1. Horned Helmet by Henry Treece – This is the first Viking story I read, and a book I’ve re-read many times since. It’s the story of Beorn, an Icelandic boy who falls in with Starkad, a tough Viking warrior. It has everything you could want from a Viking story – hard men, journeys across cold seas, violence, clipped dialogue and fantastic illustrations by one of the greatest artists ever to have worked in children’s books, the great Charles Keeping. If you don’t finish this book convinced that the Vikings are the coolest thing ever, there really is no hope for you.
2. Blood Feud by Rosemary Sutcliff – I discovered the work of Rosemary Sutcliff not long after I read Horned Helmet, and soon started to work my way through everything with her name on it. She’s probably best remembered for her Roman Britain novels (especially Eagle of the Ninth), but Blood Feud is one of her best. Saxon boy Jestyn is sold in the Dublin slave market to Viking adventurer Thormod and finds himself pitched into a feud between his new master and two brothers. Vengeance is a great Viking theme, and this short book packs a powerful punch.
3. The Uhtred novels by Bernard Cornwell – I’d never read anything by Bernard Cornwell, not even the famous (and televised) Sharpe books, until I came across The Last Kingdom, the first book about Uhtred, a ninth-century Saxon brought up by Vikings who reluctantly fights them for Alfred the Great. There are now another five novels about Uhtred, and they build up into a great picture of a turbulent time. This is popular historical fiction at its best – Bernard Cornwell has done his research and it shows on every page. Pretty cool battle scenes and Viking kit, too.
4. Bracelet of Bones and Scramasax by Kevin Crossley-Holland – I’m cheating by including two books here, but one is a sequel to the other and I’m hoping there will be a third. This is the story of Solveig, a young Norwegian girl whose father goes off to join Harald Hardrada, the greatest Viking of them all, in the Byzantine Emperor’s regiment of Viking mercenaries, the Varangian Guards. Solveig follows her father down Russian rivers and across the Black Sea and finds out what being a Viking is all about. Great writing from one of our best writers.
5. The Sea Road by Margaret Elphinstone – Gudrid of Iceland was certainly one tough woman. She grew up in tough times, and travelled all over the North Atlantic during the great age of Viking exploration – from Iceland, to Greenland and eventually to Vinland. Scottish novelist Margaret Elphinstone puts flesh on the bones of the great Icelandic sagas and shows us what it was like to be a Viking woman. But it isn’t all about the history – this is a gripping, well plotted story too, full of memorable characters, great scenes and wonderful descriptions of the North.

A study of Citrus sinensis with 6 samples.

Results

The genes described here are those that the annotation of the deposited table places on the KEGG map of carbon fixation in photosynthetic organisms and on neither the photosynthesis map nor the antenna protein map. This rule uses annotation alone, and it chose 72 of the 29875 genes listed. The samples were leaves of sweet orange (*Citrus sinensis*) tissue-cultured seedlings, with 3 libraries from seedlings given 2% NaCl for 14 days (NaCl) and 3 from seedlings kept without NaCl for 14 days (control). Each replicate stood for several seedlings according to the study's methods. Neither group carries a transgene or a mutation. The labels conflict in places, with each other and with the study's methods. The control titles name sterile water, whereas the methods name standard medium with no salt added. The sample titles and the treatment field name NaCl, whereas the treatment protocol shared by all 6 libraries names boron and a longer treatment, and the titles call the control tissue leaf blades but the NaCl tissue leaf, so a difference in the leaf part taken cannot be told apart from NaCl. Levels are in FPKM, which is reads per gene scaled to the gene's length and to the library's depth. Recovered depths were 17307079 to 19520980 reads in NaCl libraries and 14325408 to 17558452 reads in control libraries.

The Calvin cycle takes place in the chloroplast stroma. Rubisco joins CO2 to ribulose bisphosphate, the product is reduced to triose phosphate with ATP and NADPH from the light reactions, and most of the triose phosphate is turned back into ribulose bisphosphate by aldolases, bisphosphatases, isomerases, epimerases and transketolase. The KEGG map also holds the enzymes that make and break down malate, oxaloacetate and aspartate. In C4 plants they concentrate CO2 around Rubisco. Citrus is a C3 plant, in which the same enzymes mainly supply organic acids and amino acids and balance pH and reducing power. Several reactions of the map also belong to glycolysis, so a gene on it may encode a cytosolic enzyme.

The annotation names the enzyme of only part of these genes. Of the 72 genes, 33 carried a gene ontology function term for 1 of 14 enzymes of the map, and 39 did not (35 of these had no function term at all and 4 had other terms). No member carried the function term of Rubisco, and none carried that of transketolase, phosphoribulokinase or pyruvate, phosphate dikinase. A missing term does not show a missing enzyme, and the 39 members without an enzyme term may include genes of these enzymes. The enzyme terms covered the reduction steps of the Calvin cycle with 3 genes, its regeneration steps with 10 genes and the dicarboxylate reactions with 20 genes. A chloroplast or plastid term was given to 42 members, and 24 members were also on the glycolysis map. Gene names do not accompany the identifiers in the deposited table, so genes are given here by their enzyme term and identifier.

6. Feasting the Wolf by Susan Price – I must declare a special interest here – I edited this book! I knew it was going to be a joy to work on from the moment I read the first page and encountered two young farm boys living on Shetland who want to be Viking warriors. Ottar and Ketil are granted their wish before they’re quite ready, and join a crew of Vikings setting out on a raiding voyage. Susan Price writes taut, laconic prose, and knows her stuff where the Vikings are concerned. But it’s the characters who stand out – two boys who grow into Viking men.
7. Noggin the Nog by Oliver Postgate and Peter Firmin – Most people probably remember Noggin the Nog as a TV series from the late 1950s, but this great Viking character appeared in a series of books too. Noggin is son of Knut, king of the Nogs, and has several friends with proper Viking names such as Thor Nogson and Olaf the Lofty. It’s all set in a mythical ‘North’ and has dragons and Viking ships, and has long been a cult classic - the static pictures are beautiful to look at, the voiceover narration is hypnotically good, and the stories are quirky and funny.
8. Vinland by George Mackay Brown – I’ve long been a fan of Orkney poet, novelist and short story writer George Mackay Brown, and much of his work deals with the Orcadian chapter of Viking history. Vinland is the story of Ranald Sigmundson, an Orkney boy who takes the whale’s road and travels to Norway, Iceland, Ireland and even further in search of adventure, treasure and faith. It reads like a lost saga, is shot through with verse that sounds as if it has only just been freshly translated from Old Norse, and includes one of the best battle scenes I’ve ever read.
9. The Vikings – Not a book, but the greatest Viking movie of all time, the one starring Kirk Douglas, Tony Curtis, Janet Leigh and Ernest Borgnine. I saw this at a young and very impressionable age and loved every over-tinted Technicolor second of it. Kirk Douglas romps through his role as a Viking adventurer with a heart of steel, spreading mayhem and taking whatever he wants in true (stereotyped) Viking fashion. Best scenes: Kirk leaping from oar to oar as his Viking ship sails up his home fjord and Ernest Borgnine as Ragnar leaping into a pit of snakes. Brilliant.
10. Burnt Njal - Also sometimes known simply as Njal’s Saga, this is my favourite of the original Icelandic tales. Njal is a great character, but there are plenty of others he encounters – Mord Valgardsson, Gunnar Hlidarendi, the wonderfully named Glum Hildisson. It’s a tale of violence and revenge, broken marriages and betrayal, heroism and an acceptance of fate, all set against the backdrop of the north Atlantic world of the Viking age. Wonderfully laconic dialogue, memorable pursuits and plenty of brutal fight scenes. It’s like a dozen great movies rolled into one.